When Geddy Lee Revealed The ‘Canadian Secret’ To Rush’s Longevity


It’s almost impossible to find a rock band that hasn’t had any lineup changes throughout its career due to personal differences, internal conflicts, or new opportunities. As a result, many bands have experienced different eras according to their power lineups from which fans pick their favorite.

However, there are always expectations of this generalization, and one of them is the Canadian rock band Rush. Although they underwent several lineup changes after their formation, the band got their classic power trio lineup after settling with guitarist Alex Lifeson, drummer Neil Peart, and vocalist Geddy Lee.

The real question is how these three talented rockers got along so well for decades, during which they released numerous iconic albums, including the 1978 record, ‘Hemispheres.’ The secret to their successful tenure, which helped them last for nearly five decades, was once revealed by Geddy Lee.

Geddy Lee Said Rush Never Fights


During a 2015 interview with Rolling Stone, Rush lead vocalist, bassist, and keyboardist Geddy Lee reflected on the band’s longevity. According to Lee, none of the band members were ever mean to each other, and whenever they had a personal clash regarding their music, they would pout to prevent a verbal fight.

If you ask the frontman, they approached disputes and disagreements the Canadian way. During the interview, he also made a humorous joke, saying that they used to punch Alex Lifeson whenever he said something silly.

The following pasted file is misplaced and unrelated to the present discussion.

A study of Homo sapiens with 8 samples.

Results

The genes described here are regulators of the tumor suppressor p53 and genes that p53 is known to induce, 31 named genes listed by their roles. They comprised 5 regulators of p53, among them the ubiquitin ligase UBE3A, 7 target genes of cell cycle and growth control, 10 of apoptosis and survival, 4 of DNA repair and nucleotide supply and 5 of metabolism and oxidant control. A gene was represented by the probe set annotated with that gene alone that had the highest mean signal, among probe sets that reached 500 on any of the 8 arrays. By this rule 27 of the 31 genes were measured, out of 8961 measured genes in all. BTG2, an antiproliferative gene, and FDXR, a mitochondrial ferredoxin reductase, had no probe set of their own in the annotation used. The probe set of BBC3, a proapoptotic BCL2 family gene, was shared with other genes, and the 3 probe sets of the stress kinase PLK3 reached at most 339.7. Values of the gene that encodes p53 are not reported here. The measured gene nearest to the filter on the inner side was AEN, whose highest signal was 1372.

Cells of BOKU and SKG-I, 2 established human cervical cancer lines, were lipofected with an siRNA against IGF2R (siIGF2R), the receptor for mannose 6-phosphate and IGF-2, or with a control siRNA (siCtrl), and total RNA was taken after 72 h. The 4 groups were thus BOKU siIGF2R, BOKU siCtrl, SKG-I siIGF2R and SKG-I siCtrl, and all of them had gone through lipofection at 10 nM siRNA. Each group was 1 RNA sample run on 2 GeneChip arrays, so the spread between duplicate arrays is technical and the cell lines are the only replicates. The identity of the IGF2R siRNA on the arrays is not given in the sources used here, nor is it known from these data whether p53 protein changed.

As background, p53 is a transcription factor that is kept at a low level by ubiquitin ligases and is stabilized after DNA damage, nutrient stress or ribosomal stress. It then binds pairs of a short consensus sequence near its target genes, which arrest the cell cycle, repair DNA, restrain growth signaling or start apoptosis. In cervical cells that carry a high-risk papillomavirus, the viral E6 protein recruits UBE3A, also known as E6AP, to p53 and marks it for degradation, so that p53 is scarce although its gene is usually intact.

Neil Peart once also opened up about their successful and long career, saying that they would probably never stick together if one of the band members was a little unstable, undisciplined, or mean. According to the late drummer, what they have is a miracle as their personalities worked perfectly together.

According to Rolling Stone, Lee said:

“We’re never mean to each other. So if we disagree, we pout. That’s sort of the Canadian way. But we did use to love punching Alex when he said something stupid.”

Late drummer Peart chimed in:

“If any of us were the slightest bit less stable, the slightest bit less disciplined or less humorous or meaner, or in any way different, it wouldn’t have worked. So there’s a miracle there.”

Rush indeed had a harmony like no other band, and all band members were aware that their personalities and behaviors did wonders for them. They were often asked about recruiting other members as the trio was taking on a lot of duties, but they wanted to keep their chemistry which worked until the passing of Peart due to brain cancer, on January 7, 2020.